Are “Stipulated Damages” Provisions in Marital Settlement Agreements Enforceable, Even If There Were No Actual Damages?
In New Jersey, Marital Settlement Agreements are contracts that are enforceable just like contracts outside the family law context – with some very important distinctions. Generally, Marital Settlement Agreements are enforceable to the extent they are “fair and...
How to divide assets is one of the most common sources of dispute in divorce. In New Jersey, marital property and debt are subject to equitable distribution, which means fair, but not necessarily equal, division between the parties. While New Jersey law requires the full disclosure of all assets, New Jersey Courts do not independently verify whether a party has fully and candidly disclosed all assets. Instead, it is up to the other party to “fact check” the accuracy of their spouse’s disclosures. An attorney, acting in concert with other professionals, has several methods to verify financial disclosures and find hidden assets.
When divorcing couples have children, New Jersey Courts make decisions based on the best interests of the child. That may include ordering the child and/or the parents to undergo therapy. If the parties refuse to submit to therapy or interfere with a child’s participation in therapy, courts will hold them accountable as evidenced by a recent New Jersey decision involving Court-ordered parent-child reunification therapy.
When a couple divorces, the party required to pay alimony and/or child support typically agrees to take out a specific amount of life insurance to secure his or her support obligations. Generally, the insurance policy names the former spouse or children as the beneficiaries. While a spousal support award may be modified in certain circumstances, it does not necessarily follow that the party’s life insurance obligations also will be reduced as evidenced by a recent New Jersey decision.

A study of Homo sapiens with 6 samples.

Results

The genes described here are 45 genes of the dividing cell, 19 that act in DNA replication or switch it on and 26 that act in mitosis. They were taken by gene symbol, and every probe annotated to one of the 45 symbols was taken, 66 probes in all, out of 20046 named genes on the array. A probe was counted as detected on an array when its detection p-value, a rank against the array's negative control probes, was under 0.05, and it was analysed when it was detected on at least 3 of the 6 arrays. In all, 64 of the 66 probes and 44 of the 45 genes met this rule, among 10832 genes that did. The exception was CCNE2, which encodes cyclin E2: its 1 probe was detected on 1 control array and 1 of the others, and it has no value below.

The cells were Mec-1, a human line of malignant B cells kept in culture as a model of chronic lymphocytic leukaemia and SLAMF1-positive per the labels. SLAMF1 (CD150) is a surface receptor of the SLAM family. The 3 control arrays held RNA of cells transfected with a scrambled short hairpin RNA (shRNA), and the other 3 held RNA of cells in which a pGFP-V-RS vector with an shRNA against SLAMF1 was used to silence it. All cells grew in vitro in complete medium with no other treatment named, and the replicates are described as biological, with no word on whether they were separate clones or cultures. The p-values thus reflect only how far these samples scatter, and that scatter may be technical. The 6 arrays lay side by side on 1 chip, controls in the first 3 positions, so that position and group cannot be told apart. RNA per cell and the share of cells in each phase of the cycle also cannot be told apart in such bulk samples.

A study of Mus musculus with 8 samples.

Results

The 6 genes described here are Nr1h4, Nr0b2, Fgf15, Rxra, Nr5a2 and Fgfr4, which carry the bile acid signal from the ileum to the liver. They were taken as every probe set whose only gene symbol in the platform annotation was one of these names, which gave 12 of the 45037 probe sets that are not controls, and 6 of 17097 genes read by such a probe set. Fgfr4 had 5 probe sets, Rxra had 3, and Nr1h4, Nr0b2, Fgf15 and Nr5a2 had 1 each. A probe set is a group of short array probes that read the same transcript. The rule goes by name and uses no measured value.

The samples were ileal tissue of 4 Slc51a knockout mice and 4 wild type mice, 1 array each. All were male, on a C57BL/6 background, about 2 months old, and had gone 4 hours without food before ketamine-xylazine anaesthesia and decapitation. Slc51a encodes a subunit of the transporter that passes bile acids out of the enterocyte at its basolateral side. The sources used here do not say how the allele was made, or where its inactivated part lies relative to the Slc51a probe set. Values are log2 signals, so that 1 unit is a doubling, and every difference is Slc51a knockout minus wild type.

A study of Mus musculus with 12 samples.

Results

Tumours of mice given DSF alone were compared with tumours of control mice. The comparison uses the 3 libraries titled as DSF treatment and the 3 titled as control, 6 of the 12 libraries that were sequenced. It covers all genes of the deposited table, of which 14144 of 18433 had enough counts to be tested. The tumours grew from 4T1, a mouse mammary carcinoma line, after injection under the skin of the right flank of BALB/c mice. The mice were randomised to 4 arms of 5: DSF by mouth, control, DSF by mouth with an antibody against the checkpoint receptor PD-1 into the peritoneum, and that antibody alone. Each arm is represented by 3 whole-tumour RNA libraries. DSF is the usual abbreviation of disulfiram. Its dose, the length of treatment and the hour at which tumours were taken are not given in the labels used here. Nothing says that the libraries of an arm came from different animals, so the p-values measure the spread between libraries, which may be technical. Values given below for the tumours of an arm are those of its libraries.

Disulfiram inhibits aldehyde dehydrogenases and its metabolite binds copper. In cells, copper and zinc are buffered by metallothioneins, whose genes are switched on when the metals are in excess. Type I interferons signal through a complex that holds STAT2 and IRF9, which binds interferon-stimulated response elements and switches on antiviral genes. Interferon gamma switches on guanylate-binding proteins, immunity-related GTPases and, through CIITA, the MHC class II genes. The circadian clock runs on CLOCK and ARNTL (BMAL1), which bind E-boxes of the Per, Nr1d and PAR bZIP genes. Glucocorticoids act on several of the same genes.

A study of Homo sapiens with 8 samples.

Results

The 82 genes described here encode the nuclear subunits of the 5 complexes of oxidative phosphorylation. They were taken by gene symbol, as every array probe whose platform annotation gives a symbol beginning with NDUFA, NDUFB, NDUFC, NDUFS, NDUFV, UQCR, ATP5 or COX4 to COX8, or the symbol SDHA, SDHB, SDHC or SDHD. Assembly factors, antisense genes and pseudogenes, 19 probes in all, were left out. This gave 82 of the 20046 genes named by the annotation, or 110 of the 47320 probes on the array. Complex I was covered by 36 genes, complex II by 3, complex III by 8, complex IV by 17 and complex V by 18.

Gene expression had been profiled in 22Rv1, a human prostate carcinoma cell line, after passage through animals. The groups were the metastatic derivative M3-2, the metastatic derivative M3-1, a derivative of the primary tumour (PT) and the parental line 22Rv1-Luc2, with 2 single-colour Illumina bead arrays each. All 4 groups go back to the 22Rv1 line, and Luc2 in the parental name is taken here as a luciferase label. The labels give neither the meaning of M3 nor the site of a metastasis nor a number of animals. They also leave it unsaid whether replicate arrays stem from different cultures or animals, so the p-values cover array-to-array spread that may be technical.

When children can no longer safely reside with their birth parents, the New Jersey Division of Child Protection and Permanency (DCP&P) first look for relatives and family friends to provide care. The law recognizes that having children cared for by relatives and...
Divorcing couples often ask about dating – whether they can date and how it will look to a judge. A divorce can go on for a year or more, so the issue arises in many divorces not just those involving spouses who initiated a divorce because they met someone else. The reality is dating is allowed, but there are a few pitfalls that the parties should understand if they want to date while divorcing.
While New Jersey law allows an exemption from mandatory immunization for medical or religious reasons, that right is not absolute. A recent New Jersey Appellate Division case dealt with vaccination over parents’ objection in a very limited circumstance, but it’s reasoning may be relevant in broader situations.
No divorce is stress-free even when couples mutually agree to split. It is an emotional period, often made worse because there are many issues that must be settled, including those involving children, living arrangements and finances. Couples must think rationally about the divorce process and the next steps in their lives at the same time they are dealing with anger, grief and uncertainty.
Mediation can be a highly cost-effective way to settle disputes in divorce. In certain situations, divorcing parties elect to attend mediation without hiring attorneys as an additional cost-saving measure. If you intend to go to mediation without an attorney, there...
Under New Jersey law, parents are presumptively required to provide for the financial support of their unemancipated children. While many parents believe child support automatically terminates when a child reaches age 18, this is not true in New Jersey. Child support terminates upon a child’s emancipation. Importantly, the definition of emancipation varies by state, making it extremely pertinent parents are aware of their state’s laws.